First Semester Thoughts

I have been officially been a college student for more than a semester now, and I can unequivocally say that I am unhappy.

Coming to Oxford was a bargain. It was not my first choice, but then again, none of the colleges I was accepted into were my first choices. They were hardly even my third, or fourth, or fifth.

It would have been easy to give up and go to my state school, a place where I already know everyone and everything and have confidence that I would have been happy.

Yet instead, I chose to come to Oxford.

For the first few weeks, I did not regret my decision. I had no friends but I was enthusiastic that I would find some; I had met a couple of cool people in my hall and hung out with some people over the weekend; I made plans to invite classmates over to study with me; I was excited for the prospect of being here for the next two years.

Slowly, as the months flew by, I realized more and more that I was not making new friends. People who I had met in the first few weeks had already settled down, and people who they met after me were able to become close to them in ways I never had. While I knew a couple of people in my hall, for the most part, everyone was just a face I had thought I would eventually get to know, but never did.

Texting people to hang out stopped. I continued to spend most of my time by myself, and whenever someone approached me first to talk, I’d get excited and anxious all at once while I tried to convey how much I wanted to become friends without coming off as an over-enthusiastic loser. Eventually, the excitement faded and all that was left was anxiety.

My stomach would churn every time someone spoke to me, someone I wanted to become friends with but did not know how to. I wanted to get to know these people, to hang out with them in their dorms, to join in on their stories and become a part of them, but I didn’t know how to make myself likeable, how to make myself interesting, how to make myself funny.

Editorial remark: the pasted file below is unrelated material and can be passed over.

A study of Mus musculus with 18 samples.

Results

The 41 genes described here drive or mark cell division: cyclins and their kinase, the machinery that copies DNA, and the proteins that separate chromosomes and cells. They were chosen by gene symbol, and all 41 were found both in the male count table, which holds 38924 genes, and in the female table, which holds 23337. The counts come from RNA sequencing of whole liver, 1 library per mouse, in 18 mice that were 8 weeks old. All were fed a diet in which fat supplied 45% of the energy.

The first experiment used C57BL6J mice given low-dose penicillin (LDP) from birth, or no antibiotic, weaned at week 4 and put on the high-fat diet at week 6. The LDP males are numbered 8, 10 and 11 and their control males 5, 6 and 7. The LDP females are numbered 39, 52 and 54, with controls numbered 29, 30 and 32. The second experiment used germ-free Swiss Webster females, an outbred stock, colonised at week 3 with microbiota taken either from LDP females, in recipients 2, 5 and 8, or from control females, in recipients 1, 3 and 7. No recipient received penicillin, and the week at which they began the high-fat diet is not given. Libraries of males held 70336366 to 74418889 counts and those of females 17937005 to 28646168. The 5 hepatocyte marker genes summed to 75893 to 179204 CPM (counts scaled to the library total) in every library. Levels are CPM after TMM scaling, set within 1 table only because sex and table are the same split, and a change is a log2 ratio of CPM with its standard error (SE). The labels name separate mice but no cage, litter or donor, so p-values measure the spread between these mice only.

Going home for winter break was a relief, but I was crushed that nobody at school would even care that I would be gone. I thought I could find solace in all my high school friends, but it seemed that most of them were thrilled about their colleges.

They had found close friends, party friends, boyfriends, girlfriends, people who texted them over break, and I had none of that. I was simply reminded of all that I did not have.

I hate myself for overthinking. Even now, as I write this, I know I am stuck in my own head with toxic thoughts that are preventing me from being interesting. I know that this is something I could solve if I tried hard enough, if I had kept trying, but I don’t know how. I don’t know what else I could have done.

I thought college would bring out the best in me, but maybe that is too idealistic. I have never felt as uncool as I do in college; I have never wanted to fit in as much as I do now. I find myself wanting to throw away my morals and just do what everyone else is doing, but I can’t even do that because of lack of invite.

Recently, I reread the first article I ever wrote on Her Campus: “The Fear of Missing Out.” In it, I mention feeling lonely and worried, but positive that things would change and end up happy. I look back with shame at my past self, the one who was so happy and optimistic, and I feel like I failed.